The Seventh Deadly Sin: A Conference Breakout Preview

This conference preview comes from Ted Scofield.  Of the Seven Deadly Sins, it’s the last […]

Mockingbird / 4.9.15

This conference preview comes from Ted Scofield. 

Of the Seven Deadly Sins, it’s the last one on our list. Number seven, at the bottom, out of sight, out of mind. Anger, pride, gluttony, laziness, lust and envy — we’ll cop to all of those sins, but greed?

What? Who? Me?

Research shows that most of us agree: Greed is someone else’s problem, not mine. Wall Street fat cats are greedy, welfare freeloaders are greedy, millenials, baby boomers, short people, tall people, those people over there, anybody but me! During this breakout session at the upcoming Mockingbird conference (Friday, April 17, 10:30am), together we’ll explore how greed can be everybody else’s problem but our own.

5x08_-_Gliding_Over_All_12In his bestselling book Counterfeit Gods, my pastor, Tim Keller, tells us “even though it is clear that the world is filled with greed and materialism, almost no one thinks it is true of them.” Plenty of hard data supports his observation.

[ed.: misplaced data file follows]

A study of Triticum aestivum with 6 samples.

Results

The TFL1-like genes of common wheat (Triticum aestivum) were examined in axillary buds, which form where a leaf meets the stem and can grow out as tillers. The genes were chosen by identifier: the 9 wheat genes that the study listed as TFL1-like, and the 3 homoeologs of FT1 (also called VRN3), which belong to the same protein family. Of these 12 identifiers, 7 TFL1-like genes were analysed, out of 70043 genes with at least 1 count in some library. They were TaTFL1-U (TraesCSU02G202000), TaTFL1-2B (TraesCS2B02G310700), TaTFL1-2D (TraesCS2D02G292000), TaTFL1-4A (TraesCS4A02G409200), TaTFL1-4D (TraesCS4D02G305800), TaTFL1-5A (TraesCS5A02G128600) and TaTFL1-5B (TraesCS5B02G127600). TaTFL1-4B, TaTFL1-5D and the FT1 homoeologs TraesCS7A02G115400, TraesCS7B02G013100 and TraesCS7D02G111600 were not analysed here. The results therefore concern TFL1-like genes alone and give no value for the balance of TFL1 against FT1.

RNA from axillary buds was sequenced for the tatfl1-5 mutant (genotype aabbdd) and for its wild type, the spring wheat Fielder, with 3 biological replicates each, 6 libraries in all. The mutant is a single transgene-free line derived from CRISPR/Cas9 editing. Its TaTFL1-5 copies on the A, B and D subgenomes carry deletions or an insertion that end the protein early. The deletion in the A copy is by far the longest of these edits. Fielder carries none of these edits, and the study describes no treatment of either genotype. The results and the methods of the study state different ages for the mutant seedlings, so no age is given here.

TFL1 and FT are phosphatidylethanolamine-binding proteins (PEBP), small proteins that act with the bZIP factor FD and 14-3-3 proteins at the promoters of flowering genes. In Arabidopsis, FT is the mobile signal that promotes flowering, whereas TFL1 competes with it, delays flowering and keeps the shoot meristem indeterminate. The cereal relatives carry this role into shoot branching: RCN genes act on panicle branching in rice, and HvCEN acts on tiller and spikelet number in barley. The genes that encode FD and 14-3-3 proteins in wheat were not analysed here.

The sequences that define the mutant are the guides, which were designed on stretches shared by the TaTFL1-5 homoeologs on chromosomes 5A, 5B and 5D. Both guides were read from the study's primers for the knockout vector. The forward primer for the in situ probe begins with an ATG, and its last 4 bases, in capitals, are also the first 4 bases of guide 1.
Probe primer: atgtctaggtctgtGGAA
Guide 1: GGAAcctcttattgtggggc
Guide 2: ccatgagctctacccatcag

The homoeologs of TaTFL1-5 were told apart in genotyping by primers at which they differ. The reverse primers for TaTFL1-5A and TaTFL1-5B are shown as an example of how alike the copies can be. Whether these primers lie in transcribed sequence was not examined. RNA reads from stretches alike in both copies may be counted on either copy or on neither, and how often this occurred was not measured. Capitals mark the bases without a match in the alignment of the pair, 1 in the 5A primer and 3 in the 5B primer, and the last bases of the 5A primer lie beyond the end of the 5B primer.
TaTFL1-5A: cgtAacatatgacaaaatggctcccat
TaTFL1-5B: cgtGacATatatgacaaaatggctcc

Collectively, we are quick to identify greed as a serious problem in our nation and culture. In one large Zogby poll, for example, respondents cited greed as the number one most urgent moral problem in America. Number one! Poverty/economic justice came in second place.

The specter of greed haunts popular political buzzwords such as income inequality, fair share and living wage. Just recently, President Obama labeled rising income inequality as “the defining challenge of our time.” Mayor of New York City Bill de Blasio argues his party must “take on those who are wealthy and ask them to do their fair share.”

Without a doubt, the politicians, pundits and pollsters agree: As a society, we have a serious problem with greed. But the mood miraculously flips when individuals are asked “Are you greedy?” Consistently only a handful of us, under five percent, will answer Yes.

Are we, as Tim Keller says, simply “in denial” to our own reality? Are we blind to our greed? Or is something far more nuanced and complex at work? Join me on Friday, April 17 as we try to answer these questions and unravel a great mystery: How can greed be everyone’s problem … but mine?